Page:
IRS Accused of Operating ‘Behind a Veil of Secrecy’ in Probe of 99 Churches

Penny Starr | September 28, 2016 | 7:44pm EDT

( – Citing the Internal Revenue Service’s investigation of 99 churches for potential violation of laws restricting political speech, GOP and faith leaders held a press conference at the Capitol Wednesday to announce the introduction of a bill to restore free speech rights to all non-profits.

But when asked for details about the churches and potential violations, the answer was that the IRS has not revealed that information despite a Freedom of Information Act (FOIA) filed by the Alliance Defending Freedom and a federal lawsuit filed on their behalf by Judicial Watch.

“The IRS has chosen to operate basically behind a veil of secrecy,” Christiana Holcomb, legal counsel for ADF, said at the press conference. “It has told atheist organizations like the Freedom From Religion Foundation that it has initiated investigations of 99 churches but has refused to inform us or the public or even the churches themselves who is being investigated and under what circumstances and for what potential violation.”

Majority Whip Steve Scalise (R-La.) and Rep. Jody Hice (R-Ga.), a pastor for 30 years now serving his first term in the House, introduced the Free Speech Fairness Act of 2016 (H.R. 6195).

“From my personal experience the threat of the IRS to potentially take away tax exempt status is enough in and of itself to cause pastors and non-profits to self-censor themselves right out of the game,” said Hice. “And that’s what’s taking place.”

“The Free Speech Fairness Act of 2016 would address the shortcomings of the Johnson Amendment, which in 1954 was inserted into the tax code by Sen. Lyndon B. Johnson (D-Texas) without floor or committee debate,” the Family Research Council said in a statement.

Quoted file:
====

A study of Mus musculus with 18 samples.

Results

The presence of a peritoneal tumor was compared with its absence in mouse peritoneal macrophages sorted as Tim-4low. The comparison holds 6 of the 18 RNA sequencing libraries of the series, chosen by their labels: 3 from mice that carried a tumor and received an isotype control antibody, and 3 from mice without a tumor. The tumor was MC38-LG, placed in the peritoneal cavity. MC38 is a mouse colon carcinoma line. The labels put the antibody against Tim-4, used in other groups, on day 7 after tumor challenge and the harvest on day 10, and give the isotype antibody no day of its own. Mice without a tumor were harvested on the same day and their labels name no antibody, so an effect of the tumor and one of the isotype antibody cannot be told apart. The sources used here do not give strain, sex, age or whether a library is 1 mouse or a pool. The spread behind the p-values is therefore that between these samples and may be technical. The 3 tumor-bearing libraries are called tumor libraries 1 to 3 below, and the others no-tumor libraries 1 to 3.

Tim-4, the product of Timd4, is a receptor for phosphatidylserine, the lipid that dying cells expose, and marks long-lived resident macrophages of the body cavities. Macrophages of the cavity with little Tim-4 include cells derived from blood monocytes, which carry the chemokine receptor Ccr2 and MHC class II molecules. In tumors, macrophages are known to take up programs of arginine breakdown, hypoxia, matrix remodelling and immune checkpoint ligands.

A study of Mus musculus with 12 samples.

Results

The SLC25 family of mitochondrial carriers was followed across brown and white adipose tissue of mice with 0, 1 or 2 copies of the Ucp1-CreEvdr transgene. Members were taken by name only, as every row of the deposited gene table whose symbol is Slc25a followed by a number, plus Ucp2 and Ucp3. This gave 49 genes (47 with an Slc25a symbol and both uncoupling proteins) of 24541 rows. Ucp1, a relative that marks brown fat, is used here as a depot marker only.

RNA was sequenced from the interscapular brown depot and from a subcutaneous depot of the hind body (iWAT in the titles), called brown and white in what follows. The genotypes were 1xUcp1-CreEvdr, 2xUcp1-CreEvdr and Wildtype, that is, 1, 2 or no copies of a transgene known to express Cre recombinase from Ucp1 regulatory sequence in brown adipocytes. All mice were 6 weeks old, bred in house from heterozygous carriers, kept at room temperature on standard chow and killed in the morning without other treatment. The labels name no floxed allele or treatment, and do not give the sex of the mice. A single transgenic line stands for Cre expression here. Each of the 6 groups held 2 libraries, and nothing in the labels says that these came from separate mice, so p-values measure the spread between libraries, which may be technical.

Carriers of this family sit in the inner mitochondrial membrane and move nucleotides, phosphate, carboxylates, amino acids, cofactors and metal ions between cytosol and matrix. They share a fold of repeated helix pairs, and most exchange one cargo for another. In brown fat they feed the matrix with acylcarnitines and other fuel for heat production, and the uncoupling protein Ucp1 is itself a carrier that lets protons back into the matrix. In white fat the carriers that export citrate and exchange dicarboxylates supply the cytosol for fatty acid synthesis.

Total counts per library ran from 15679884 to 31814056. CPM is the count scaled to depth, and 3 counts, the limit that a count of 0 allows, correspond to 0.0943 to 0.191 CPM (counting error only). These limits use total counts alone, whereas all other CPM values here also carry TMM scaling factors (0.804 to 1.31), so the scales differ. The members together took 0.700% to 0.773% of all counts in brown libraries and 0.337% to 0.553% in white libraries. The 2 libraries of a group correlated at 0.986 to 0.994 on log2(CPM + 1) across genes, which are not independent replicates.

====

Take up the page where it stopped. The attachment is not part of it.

“The Johnson Amendment prohibits churches and non-profits from engaging in any activity that might be interpreted as participating in, or intervening in a campaign on behalf of or in opposition to a candidate for public office, including a simple oral or written statement.”

“Since the birth of our nation, pastors and churches have been at the forefront of shaping public debate and our choice of public servants,” FRC president Tony Perkins said at the press conference.

“What would America look like today had the Rev. Lyman Beecher, a leading abolitionist, or the Rev. Martin Luther King Jr. been muzzled by the IRS?”

A letter from the IRS concerning the investigation of the 99 churches was distributed at the event.

“Over a period of time, we identified the 99 churches as having potential impermissible political campaign intervention activities based on referrals received by our Exempt Organizations (EO) Examination function,” it says.

“The Political Activity Referral Committee (PARC), which consists of career civil service managers, reviews each referral and determines whether the case should be selected for further compliance review,” the letter continues.

Groups supporting the Free Speech Fairness Act of 2016 include Focus on the Family, The Heritage Foundation, Evangelical Council on Financial Accountability, March for Life Action, Liberty Counsel and Liberty Counsel Action, American Center for Law and Justice and the Home School Legal Defense Association.